Running out of scapegoats for failure

UNITED States ambassador to Zimbabwe Christopher Dell’s razor-sharp observations on the economy at Africa University on Wednesday are irrefutable. He gave the strongest rebuttal to date by a foreign envoy of government&#

8217;s claims that Zimbabwe’s economic decline is a result of drought and sanctions.

President Robert Mugabe has claimed the economy is plagued by unpredictable weather patterns and Western financial and travel sanctions imposed against himself and his officials over misrule.

Apologists of the regime have also been hawking this argument in the state media and on the Internet. While it is true that Zimbabwe’s current problems have been caused by both internal and external factors, it’s clear that drought and sanctions are the least of these.

The root causes of the current crisis are Mugabe’s populist posturing and lawless behaviour by his supporters that scare off investment. This has been exacerbated by skewed global economic trends, especially unfair trade practices and Western agricultural subsidies which undermine third world economies that are largely dependent on agriculture.

There is also the issue of natural resources control and value addition to goods which tend to weaken poor nations’ bargaining power. Developing countries lose a lot by exporting unfinished products. These are issues of substance affecting the Zimbabwean economy, just like other developing economies. But, as Ambassador Dell so cogently pointed out, the peculiarity of Zimbabwe is gross misrule and economic mismanagement verging on sabotage, not the terms of international trade.

To claim that drought and sanctions — imposed in reaction to repression and economic vandalism — are solely responsible for Zimbabwe’s economic crisis is manifestly dishonest.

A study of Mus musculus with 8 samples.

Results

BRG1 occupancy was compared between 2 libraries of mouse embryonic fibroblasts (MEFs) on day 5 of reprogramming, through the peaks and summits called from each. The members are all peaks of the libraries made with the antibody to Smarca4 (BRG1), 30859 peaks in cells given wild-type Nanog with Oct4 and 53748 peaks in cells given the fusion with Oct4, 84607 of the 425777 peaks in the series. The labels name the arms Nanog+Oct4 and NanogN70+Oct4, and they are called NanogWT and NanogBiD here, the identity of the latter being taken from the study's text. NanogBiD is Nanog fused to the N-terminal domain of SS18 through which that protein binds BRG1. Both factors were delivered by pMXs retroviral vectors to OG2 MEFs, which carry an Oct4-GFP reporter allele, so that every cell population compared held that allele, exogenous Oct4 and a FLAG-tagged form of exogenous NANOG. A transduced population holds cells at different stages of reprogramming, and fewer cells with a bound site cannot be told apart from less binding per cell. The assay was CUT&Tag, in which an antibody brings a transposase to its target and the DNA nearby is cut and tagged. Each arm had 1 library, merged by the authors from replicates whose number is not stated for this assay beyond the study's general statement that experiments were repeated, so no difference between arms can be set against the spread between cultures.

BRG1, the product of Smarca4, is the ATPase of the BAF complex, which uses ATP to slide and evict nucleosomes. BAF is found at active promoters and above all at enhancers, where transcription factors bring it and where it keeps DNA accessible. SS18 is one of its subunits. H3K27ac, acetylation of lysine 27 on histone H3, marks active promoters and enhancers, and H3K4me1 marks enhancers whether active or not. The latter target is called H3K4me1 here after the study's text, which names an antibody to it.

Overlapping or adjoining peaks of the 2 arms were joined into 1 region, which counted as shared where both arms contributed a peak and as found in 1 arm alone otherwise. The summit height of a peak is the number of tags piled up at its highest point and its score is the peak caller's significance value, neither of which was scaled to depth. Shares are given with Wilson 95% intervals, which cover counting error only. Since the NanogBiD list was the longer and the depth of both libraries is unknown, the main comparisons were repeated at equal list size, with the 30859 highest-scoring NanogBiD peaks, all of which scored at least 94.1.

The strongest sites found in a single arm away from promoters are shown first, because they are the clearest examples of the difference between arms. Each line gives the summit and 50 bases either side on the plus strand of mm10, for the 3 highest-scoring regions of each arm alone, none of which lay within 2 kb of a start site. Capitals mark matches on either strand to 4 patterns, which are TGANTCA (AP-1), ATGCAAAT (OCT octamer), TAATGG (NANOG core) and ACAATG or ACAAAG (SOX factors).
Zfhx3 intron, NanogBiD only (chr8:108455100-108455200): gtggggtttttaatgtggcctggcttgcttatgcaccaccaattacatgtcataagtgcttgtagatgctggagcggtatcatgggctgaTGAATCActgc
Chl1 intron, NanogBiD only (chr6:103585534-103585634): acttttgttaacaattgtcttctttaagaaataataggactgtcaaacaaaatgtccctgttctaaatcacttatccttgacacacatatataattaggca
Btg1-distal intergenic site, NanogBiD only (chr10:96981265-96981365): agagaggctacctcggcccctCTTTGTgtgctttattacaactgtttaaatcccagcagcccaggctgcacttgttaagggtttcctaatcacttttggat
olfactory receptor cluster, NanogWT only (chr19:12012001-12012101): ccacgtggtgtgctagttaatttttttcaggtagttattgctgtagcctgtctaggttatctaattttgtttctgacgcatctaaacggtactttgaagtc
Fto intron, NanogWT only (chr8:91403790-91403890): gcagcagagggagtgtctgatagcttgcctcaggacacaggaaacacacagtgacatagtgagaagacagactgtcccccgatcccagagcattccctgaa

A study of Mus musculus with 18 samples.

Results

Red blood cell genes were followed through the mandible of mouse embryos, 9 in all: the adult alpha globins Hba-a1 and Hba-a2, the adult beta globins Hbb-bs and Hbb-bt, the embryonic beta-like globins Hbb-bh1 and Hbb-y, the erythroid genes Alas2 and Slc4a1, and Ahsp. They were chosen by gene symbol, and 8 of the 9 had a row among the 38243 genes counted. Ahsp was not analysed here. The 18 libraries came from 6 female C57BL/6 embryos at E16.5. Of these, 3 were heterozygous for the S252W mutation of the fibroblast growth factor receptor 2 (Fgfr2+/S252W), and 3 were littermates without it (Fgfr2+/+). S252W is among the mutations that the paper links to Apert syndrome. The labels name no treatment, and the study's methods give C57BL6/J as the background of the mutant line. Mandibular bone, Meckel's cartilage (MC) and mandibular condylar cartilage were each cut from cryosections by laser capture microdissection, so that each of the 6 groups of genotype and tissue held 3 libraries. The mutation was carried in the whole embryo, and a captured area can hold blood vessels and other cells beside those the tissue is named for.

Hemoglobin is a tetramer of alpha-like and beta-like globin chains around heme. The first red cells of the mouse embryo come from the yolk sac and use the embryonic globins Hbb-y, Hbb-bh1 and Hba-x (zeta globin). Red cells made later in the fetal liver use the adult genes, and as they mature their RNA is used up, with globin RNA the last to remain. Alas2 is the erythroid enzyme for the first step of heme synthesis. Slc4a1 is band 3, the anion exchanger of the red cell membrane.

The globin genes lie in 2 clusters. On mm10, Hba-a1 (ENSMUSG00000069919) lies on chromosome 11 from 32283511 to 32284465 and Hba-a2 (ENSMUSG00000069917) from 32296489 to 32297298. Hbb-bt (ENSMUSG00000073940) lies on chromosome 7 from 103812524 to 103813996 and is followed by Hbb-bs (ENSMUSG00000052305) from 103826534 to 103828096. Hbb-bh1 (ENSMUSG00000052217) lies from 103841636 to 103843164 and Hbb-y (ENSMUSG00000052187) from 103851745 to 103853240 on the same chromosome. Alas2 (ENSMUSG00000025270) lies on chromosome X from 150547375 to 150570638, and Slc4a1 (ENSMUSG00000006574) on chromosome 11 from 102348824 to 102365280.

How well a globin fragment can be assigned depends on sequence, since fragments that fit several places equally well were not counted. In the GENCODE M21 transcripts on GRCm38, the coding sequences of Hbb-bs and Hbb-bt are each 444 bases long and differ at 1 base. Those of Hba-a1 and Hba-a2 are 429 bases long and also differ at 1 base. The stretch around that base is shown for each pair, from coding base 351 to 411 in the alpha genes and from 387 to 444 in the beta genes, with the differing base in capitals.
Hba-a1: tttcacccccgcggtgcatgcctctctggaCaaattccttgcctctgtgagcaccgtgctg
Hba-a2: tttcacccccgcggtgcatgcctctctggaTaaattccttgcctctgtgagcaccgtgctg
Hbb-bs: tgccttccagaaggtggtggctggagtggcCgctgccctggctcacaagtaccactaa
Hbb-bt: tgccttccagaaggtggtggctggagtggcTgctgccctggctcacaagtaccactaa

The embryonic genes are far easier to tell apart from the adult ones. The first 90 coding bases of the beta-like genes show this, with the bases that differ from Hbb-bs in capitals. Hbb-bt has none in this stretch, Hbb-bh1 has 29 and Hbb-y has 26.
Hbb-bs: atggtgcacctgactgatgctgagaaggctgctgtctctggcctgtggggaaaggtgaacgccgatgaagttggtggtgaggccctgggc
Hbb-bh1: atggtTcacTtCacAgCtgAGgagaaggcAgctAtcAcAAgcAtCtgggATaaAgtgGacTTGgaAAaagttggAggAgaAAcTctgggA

Dell said these excuses “do not hold up under scrutiny” and backed his argument with empirical evidence.
“On the face of it, it seems possible that drought could account for Zimbabwe’s precipitous fall in output, especially since so much of the economy is based on rain-fed agriculture and the region faces a regular cycle of varying rainfall. This explanation, however, does not hold up under scrutiny,” he said.

Dell quoted the Washington-based Cato Institute’s paper written by economist Craig Richardson on the collapse of Zimbabwe’s economy, details of which were published in the Zimbabwe Independent of October 21. Richardson has studied the correlation between rainfall patterns and GDP since 1985 based on data from Zimbabwe’s Meteorological Service.

The research found that the drought of 2000/2001 was less severe than 12 other recent low rainfall periods.

“He found that the historically close correlation of GDP with rainfall cycles no longer holds after 1999. Since 1999, when rainfall has recovered, the Zimbabwean economy nevertheless has continued to decline,” Dell said.

“The Centre for Global Development carries the rainfall analysis one step further. It notes that rainfall patterns are regional, yet Zimbabwe’s decline in maize production over the past five years has been dramatically greater than Zambia’s or Malawi’s. In fact, Zambia’s maize production actually increased after 2002.”

Against this background, Dell said, drought could not adequately account for Zimbabwe’s agricultural ruin.

“I don’t pretend to be an agronomist, but I do know that Zimbabwe has experienced cycles of drought since time immemorial. Its agricultural sector adapted to conditions and built impressive irrigation systems and dense networks of dams,” he said.

The “drought defence” simply didn’t account for Zimbabwe’s economic collapse, Dell said.

He said the Zimbabwe Democracy and Economic Recovery Act, the cornerstone of the US policy toward Zimbabwe, makes democratic reforms the main condition for aid.

Without such reforms, he said, the US, together with the European Union and others, would maintain financial and travel sanctions.

“The argument that these narrowly targeted sanctions have hurt the larger economy could only be true if the whole economy is in the hands of 86 government officials on the sanctions list,” Dell said.

“The answer to this is quite simple, as well as quite shocking: Neither drought nor sanctions are at the root of Zimbabwe’s economic decline. The Zimbabwe government’s own gross mismanagement of the economy and its corrupt rule have brought about the crisis.”

This is something we already know and have said so repeatedly in this paper. But it was refreshing to have the envoy of the world’s largest economy speak out on the dishonesty Zimbabweans are fed every day by their politicians and state media.

Let’s put these excuses of drought and sanctions to rest. Government must not shirk responsibility for the consequences of its policy failures. Mugabe and his cronies -— the real saboteurs of the economy — must fix it or do the honourable thing — admit they have no solutions and quit!